For centuries, bloodletting with leeches was believed to cure many ills. This woman in seventeenth-century Belgium applies a medicinal leech to her arm.

Figure 14C

Microsurgeons sometimes use leeches to help maintain blood flow through veins in patients after reattaching severed ears or digits. An anticoagulant in the leech's saliva keeps the blood thin enough to flow.

© Biopharm (USA) Limited 1994.

Shier-Butler-Lewis: I IV. Transport I 14. Blood I I © The McGraw-Hill

Human Anatomy and Companies, 2001

Physiology, Ninth Edition

Living with Hemophilia

Don Miller was born in 1949 and is semiretired from running the math library at the University of Pittsburgh. Today he has a sheep farm. On June 1, 1999, he was the first hemophilia patient to receive a disabled virus that delivered a functional gene for clotting factor VIII to his bloodstream. Within weeks he began to experience results. Miller is one of the first of a new breed of patients — people helped by gene therapy. Here he describes his life with hemophilia.

"The hemophilia was discovered when I was circumcised, and I almost bled to death, but the doctors weren't really sure until I was about eighteen months old. No one where I was born was familiar with it.

"When I was three, I fell out of my crib and I was black and blue from my waist to the top of my head. The only treatment then was whole blood replacement. So I learned not to play sports. A minor sprain would take a week or two to heal. One time I fell at my grandmother's house and had a one-inch-long cut on the back of my leg. It took five weeks to stop bleeding, just leaking real slowly. I didn't need whole blood replacement, but if I moved a little the wrong way, it would open and bleed again.

"I had transfusions as seldom as I could. The doctors always tried not to infuse me until it was necessary. Of course there was no AIDS then, but there were problems with transmitting hepatitis through blood transfusions, and other blood-borne diseases. All that whole blood can kill you from kidney failure. When I was nine or ten I went to the hospital for intestinal polyps. I was operated on and they told me I'd have a 10 percent chance of pulling through. I met other kids there with hemophilia who died from kidney failure due to the amount of fluid from all the transfusions. Once a year I went to the hospital for blood tests. Some years I went more often than that. Most of the time I would just lay there and bleed. My joints don't work from all the bleeding.

"By the time I got married, treatment had progressed to gamma globulin from plasma. I married at twenty, the day of my graduation from college. By then I was receiving gamma globulin from donated plasma and small volumes of cryoprecipitate, which is the factor VIII clotting protein that my body cannot produce pooled from many donors. We decided not to have children because that would end the hemophilia in the family.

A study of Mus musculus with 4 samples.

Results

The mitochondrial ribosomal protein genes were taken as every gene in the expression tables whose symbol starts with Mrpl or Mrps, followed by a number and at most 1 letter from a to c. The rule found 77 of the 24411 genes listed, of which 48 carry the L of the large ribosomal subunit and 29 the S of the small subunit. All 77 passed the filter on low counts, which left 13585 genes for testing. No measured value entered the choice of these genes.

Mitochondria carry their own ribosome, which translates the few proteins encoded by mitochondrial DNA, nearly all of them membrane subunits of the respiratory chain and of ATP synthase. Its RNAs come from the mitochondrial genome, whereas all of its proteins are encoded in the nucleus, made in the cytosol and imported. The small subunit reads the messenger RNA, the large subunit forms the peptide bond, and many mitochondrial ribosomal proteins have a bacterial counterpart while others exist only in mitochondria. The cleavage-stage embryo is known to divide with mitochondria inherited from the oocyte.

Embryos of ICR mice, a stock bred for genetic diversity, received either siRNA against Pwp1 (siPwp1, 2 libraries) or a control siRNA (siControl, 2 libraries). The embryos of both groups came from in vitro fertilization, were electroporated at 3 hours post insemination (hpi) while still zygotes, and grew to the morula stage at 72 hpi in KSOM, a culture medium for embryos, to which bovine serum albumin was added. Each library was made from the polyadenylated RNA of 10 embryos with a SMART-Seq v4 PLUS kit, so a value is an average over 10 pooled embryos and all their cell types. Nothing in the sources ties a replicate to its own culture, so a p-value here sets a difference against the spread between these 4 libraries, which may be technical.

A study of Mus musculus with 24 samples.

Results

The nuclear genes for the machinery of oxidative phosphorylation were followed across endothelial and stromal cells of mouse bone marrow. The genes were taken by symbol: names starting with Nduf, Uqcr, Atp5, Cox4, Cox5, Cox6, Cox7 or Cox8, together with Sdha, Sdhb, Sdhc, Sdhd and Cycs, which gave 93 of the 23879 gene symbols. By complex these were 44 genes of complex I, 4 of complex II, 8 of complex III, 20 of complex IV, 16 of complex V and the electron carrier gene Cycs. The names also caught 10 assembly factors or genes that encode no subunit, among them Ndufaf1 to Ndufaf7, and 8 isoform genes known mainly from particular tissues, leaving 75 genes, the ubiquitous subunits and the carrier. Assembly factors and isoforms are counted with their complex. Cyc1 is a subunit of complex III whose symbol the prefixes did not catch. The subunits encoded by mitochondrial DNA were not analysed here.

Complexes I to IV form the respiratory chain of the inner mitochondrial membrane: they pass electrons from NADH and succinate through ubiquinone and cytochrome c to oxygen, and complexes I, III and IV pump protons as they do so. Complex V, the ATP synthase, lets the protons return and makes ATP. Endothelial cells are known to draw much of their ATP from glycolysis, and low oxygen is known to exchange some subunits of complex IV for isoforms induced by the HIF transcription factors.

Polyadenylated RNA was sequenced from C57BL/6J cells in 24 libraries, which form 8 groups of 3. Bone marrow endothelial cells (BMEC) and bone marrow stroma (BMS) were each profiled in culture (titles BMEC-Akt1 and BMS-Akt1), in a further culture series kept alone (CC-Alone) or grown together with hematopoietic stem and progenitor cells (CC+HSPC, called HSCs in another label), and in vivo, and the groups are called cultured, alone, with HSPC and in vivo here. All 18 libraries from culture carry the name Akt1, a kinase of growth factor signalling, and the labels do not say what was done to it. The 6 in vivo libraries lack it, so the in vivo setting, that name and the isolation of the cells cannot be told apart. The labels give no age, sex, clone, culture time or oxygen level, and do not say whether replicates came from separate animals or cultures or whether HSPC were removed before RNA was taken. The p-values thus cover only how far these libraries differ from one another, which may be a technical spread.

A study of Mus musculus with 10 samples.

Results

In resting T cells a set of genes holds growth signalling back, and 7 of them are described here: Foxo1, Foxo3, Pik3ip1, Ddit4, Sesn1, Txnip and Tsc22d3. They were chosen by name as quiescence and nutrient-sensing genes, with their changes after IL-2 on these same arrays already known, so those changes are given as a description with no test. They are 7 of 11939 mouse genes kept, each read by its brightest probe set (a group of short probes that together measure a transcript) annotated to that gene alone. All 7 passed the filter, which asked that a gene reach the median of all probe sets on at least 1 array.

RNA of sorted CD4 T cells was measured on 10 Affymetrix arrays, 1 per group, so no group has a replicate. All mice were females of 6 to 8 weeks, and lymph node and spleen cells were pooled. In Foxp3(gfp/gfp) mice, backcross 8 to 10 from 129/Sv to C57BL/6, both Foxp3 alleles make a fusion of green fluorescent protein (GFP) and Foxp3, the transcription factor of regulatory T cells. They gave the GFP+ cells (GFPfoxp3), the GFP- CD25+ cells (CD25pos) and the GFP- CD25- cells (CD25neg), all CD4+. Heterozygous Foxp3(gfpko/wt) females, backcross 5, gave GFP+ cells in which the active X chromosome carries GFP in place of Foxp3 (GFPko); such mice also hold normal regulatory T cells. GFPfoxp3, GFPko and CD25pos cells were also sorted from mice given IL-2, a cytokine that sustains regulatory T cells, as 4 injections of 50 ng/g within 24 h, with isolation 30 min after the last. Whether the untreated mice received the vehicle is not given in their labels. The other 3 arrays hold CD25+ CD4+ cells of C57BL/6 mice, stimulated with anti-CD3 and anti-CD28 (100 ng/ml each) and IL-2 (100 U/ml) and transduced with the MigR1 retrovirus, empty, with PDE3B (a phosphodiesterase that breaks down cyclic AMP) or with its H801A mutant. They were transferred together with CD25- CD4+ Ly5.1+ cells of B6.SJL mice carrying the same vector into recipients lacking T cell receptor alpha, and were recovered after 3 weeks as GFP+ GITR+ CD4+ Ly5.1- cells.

"I'm one of the oldest patients at the Pittsburgh Hemophilia Center, so I knew people. I was HIV negative, and over age twenty-five, which is what they want. By that age a lot of people with hemophilia are HIV positive, because they lived through the time period when we had no choice but to use pooled cryoprecipitate before recombinant factor VIII was available. I lucked out. I took so little cryoprecipitate that I wasn't exposed to very much. And, I had the time. The gene therapy protocol involves showing up three times a week.

"The treatment is three infusions, one a day for three days, on an outpatient basis. So far there have been no side effects. Once the gene therapy is perfected, it will be a three-day treatment. A dosage study will follow this one, which is just for safety. Animal studies showed it's best given over three days. I go in once a week to be sure there is no adverse reaction. They hope it will be a one-time treatment. The virus will lodge in the liver and keep replicating.

"In the eight weeks before the infusion, I used eight doses of factor. In the fourteen weeks since then, I've used three. Incidents that used to require treatment no longer do. As long as I don't let myself feel stressed, I don't have spontaneous bleeding. I've had two nosebleeds that stopped within minutes without treatment, with only a trace of blood on the handkerchief, as opposed to hours of dripping.

"I'm somewhat more active, but fifty years of wear and tear won't be healed by this gene therapy. Two of the treatments I required started from overdoing activity, so now I'm trying to find the middle ground." ■

different genes are known to contribute to the surface features of red blood cells, which determine compatibility between blood types.

Essentials of Human Physiology

Essentials of Human Physiology

This ebook provides an introductory explanation of the workings of the human body, with an effort to draw connections between the body systems and explain their interdependencies. A framework for the book is homeostasis and how the body maintains balance within each system. This is intended as a first introduction to physiology for a college-level course.